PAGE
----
So what happens when you spend a total of $93.05 for a budget red dot and magnifier set-up? That’s what I spent via Amazon lightning and warehouse deals to ultimately see how well such a set-up would work. To be fair this is a setup that would normally cost a bit more than 100 but with smart shopping, you can out quite well. The Poor Man’s Red Dot Set-up is made up of a Bushnell TRS 25 red dot sight, a UTG Hi-Profile compact riser, and a UTG 3x magnifier flip to side with a QD mount. It’s a cheap, made-in-China type set-up.
But Does it Work?
For all intents and purposes, it does work. The red dot throws a red dot and magnifier magnifies. The high UTG riser pushes up the TRS 25 perfectly and aligns the two without issue. Everything that connects to Picatinny is tight and easy to adjust. Nothing moves, shakes, or wiggles that I can perceive. So in most objective ways, it does work.
The Red Dot
The little 2 MOA dot of the Bushnell TRS 25 is well suited for a rifle and is small enough to be precise. The TRS 25 sports 11 rightness settings. It’s a compact red dot sight that’s likely the cheapest dot you can get that’s not a total piece of shit. This el-cheapo red dot has a good reputation in relation to its price and it’s a great hobbyist option.
By hobbyist, I mean non-professional and non-violence based use. I would use it for hunting maybe, plinking, and generally just having fun. It’s on my Colt SMG based 9mm PCC, which itself is a poor man’s rifle I built for barely anything. The Poor Man’s Red Dot Set-up doesn’t exactly allow for professional-grade optics. The clarity is okay, the tint is supposed to be expected and it’s doesn’t stop the optic from working well. It’s just annoying to have a constantly noticeable tint instead of a clear picture. The dot starbursts a bit at higher settings. The brightness settings do seem to be bright enough for any situation.
The UTG Flip to Side magnifier is not overtly terrible on the outside. The QD mount is nice and can be adjusted for different rails that are slightly out of spec. The clamp locks down very tight, which is a must-do to the flip to side design. The flip to side design works by the user pulling the magnifier back and pushing the optic to the right. It’s not terrible on the outside. It’s the inside that counts though right?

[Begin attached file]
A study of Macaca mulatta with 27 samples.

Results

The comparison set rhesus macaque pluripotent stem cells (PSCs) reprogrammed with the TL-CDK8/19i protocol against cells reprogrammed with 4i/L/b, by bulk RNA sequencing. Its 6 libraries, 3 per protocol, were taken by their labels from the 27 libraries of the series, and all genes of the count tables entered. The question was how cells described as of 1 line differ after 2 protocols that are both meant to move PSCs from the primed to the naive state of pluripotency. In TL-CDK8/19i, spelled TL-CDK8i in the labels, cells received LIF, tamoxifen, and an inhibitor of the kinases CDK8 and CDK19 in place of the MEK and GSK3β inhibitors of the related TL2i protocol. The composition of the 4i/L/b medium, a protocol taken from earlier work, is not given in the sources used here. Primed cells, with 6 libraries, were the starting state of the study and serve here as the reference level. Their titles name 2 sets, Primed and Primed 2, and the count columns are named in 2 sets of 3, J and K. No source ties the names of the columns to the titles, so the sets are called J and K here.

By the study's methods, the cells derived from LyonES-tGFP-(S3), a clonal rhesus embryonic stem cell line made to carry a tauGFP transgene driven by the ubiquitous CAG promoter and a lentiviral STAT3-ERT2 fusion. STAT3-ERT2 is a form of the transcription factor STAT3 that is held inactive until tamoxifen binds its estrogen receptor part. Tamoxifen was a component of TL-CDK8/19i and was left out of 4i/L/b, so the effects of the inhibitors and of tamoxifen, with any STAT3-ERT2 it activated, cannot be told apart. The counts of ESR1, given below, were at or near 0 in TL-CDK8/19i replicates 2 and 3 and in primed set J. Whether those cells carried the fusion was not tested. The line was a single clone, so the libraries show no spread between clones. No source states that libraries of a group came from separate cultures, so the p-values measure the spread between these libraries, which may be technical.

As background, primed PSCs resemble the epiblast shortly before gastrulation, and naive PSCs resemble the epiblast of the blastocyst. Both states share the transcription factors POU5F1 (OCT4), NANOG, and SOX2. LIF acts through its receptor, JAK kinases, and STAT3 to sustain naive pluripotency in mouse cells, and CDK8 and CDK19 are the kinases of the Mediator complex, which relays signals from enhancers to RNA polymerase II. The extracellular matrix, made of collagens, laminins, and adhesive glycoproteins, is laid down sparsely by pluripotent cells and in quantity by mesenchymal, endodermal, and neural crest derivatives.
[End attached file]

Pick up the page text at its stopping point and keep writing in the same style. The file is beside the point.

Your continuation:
Well, the inside of the magnifier is what puts the word ‘poor’ in the Poor Man’s Red Dot Set-up. The clarity is pretty atrocious. The image looks fuzzy no matter how much I adjust the eyepiece. The whole image looks fuzzy and is just terrible. You can see your target and all, but don’t expect to do much more than that. The dot does admittedly still look sharp and is easy to see regardless of the optic’s brightness level.
Eye relief on magnifiers is never very forgiving. That seems to be universal. The eyebox on this one also sucks and your head has to be in a very specific place for it to work. If not, scope shadow quickly overrides your view.
The Poor Man’s Red Dot Set-up — On the Range
This budget red dot set-up is perfect for a 9mm rifle because I feel the fuzziness of the magnifier would make this difficult to use at 300 yards or so. Don’t get me wrong, you could hit a man-sized target, possibly even out to 500 yards, but target identification would be an issue. Is the bad guy holding a gun or a shovel? I don’t know because this UTG magnifier provides a shit image.
Inside of 100 yards, it’s a fun addition to my 9mm PCC. You can see and hit small targets like clay pigeons from 50 to 100 yards and it’s fun to do. The TRS 25 red dot is a better piece of gear than the UTG magnifier for sure. It works very well and does what a red dot sight should do. It holds zero, is easy to see, and doesn’t randomly shut off, so for 40-ish bucks I can accept that.
Transitioning from magnified to unmagnified and vice versa is quick and painless. The UTG magnifier flips to side and to the front without argument. Once locked in for use its stays locked in and doesn’t budge easily. The magnifier is textured like a pineapple grenade so when you grab it you do get a good grip for manipulation.
The Poor Man’s Red Dot Set-up isn’t something I’d want for the boogaloo — but for plinking, it works out okay. It’s not perfect, and its nowhere near as clear as an EOTech and G33 setup, but for 93 bucks I think my expectations and my results were in line.
Red Dots — read everything we’ve written about ’em.